While the mayor says the case is over, the board members say until they have proof in hand, they're still very much concerned.
"That's the way its been for 100 years. 100 years of mayors, 100 years of council, 100 years of assessors, no one's thought of this before," says Bart Carrig, YMCA board member.
Bart Carrig is on the YMCA board. He says the city of Little Falls and the YMCA have been working together for a long time and they never saw this coming.
"It's disgruntling because the YMCA and the city pretty much grew up together. To all of a sudden have this thing happen not only does it create financial strain for us. But it creates a lot of discord in the community," says Carrig.
The question surrounds the taxation of the YMCA's residential housing and a Community Co-Op specializing in nutrition. Some city leaders say it should be taxed, but others say the people have spoken and they want the properties to stay tax-exempt.
"Petitions were presented to common council members, some 1100 of them and it sent a clear message to us that the YMCA is an integral part of our community," says Jeff Gressler, Little Falls councilman (D-1).
"It means a lot, it helps a lot of people out, it helps me out at least once a month as far as getting food, they even help out as far as the kids out having a place to play," says Nolan Carter, Little Falls resident.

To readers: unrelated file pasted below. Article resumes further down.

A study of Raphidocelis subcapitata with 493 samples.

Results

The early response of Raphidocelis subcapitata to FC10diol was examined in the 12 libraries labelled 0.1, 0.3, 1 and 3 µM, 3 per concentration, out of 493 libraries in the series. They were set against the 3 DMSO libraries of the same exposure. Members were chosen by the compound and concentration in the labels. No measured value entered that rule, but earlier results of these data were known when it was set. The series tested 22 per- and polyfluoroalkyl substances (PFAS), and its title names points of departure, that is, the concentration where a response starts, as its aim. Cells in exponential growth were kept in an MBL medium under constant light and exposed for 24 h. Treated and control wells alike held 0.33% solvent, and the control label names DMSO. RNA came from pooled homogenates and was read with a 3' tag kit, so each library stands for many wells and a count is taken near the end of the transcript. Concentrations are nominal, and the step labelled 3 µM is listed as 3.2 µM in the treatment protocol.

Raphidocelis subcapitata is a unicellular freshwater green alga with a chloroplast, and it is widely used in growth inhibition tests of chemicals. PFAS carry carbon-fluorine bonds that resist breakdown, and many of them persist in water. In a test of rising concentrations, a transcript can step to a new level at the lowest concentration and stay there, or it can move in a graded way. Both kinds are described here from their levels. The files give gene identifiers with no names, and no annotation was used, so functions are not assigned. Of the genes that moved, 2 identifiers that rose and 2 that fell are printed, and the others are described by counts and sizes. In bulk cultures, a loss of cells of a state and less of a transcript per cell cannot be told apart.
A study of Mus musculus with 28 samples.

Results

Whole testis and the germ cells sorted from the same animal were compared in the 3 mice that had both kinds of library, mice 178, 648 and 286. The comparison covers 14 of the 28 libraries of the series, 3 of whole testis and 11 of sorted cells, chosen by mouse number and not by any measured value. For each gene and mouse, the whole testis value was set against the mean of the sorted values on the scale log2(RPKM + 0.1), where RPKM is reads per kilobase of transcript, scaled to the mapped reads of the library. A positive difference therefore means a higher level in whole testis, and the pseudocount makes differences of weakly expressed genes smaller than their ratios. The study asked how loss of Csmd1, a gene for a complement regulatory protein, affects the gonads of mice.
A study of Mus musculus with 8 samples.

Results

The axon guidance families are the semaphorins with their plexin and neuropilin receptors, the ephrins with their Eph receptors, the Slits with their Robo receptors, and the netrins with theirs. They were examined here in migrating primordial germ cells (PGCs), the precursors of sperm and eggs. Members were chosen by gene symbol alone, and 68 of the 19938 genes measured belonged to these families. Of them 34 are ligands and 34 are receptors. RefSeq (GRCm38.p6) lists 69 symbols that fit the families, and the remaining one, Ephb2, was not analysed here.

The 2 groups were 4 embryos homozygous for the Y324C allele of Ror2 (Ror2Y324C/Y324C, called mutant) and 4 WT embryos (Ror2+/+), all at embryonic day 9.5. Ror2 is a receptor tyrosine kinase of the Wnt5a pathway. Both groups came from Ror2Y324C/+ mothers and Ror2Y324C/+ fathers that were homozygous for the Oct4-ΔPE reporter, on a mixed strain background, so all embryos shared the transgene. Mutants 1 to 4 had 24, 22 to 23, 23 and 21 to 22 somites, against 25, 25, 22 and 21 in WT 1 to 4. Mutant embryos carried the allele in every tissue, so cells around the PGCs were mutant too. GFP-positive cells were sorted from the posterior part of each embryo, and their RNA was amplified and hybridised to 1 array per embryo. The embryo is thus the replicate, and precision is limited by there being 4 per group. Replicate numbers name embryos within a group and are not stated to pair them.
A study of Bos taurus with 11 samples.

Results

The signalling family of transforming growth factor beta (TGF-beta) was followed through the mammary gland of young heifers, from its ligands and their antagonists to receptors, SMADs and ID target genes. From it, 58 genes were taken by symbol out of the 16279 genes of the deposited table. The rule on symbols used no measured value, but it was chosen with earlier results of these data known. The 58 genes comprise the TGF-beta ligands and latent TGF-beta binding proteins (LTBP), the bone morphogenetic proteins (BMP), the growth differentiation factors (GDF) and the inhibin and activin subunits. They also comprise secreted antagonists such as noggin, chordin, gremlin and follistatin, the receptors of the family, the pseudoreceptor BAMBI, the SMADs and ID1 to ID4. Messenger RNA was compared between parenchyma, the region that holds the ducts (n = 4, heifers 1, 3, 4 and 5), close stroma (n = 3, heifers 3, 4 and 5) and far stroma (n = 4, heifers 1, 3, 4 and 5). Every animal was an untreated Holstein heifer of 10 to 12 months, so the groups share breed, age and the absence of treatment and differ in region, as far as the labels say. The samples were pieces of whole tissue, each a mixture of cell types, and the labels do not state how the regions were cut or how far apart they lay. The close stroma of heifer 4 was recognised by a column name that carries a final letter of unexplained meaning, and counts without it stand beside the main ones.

The mayor says they weren't going after the YMCA, but rather taking a closer look at its finances.
"The city went on a course to tax them because of the possibility of having a retail store. We were under the assumption that if its a retail store, they should be taxed like anyone else in the city," says Mayor Robert Peters, city of Little Falls.
But after the city council voted unanimously to withdraw litigation, the mayor says the investigation has been interrupted.
"Is it enough money that they make to be taxed or claim as a retail store? Well we won't know that answer because we didn't get into the situation where we could get the facts and it didn't get that far and there's nothing I can do about that," says Mayor Peters.
The mayor says at this point, the city has ended its pursuit. And as long as the case falls under state regulation guidelines, that will be the end. Still, the council says this battle is not over until they have those discontinuance documents in-hand.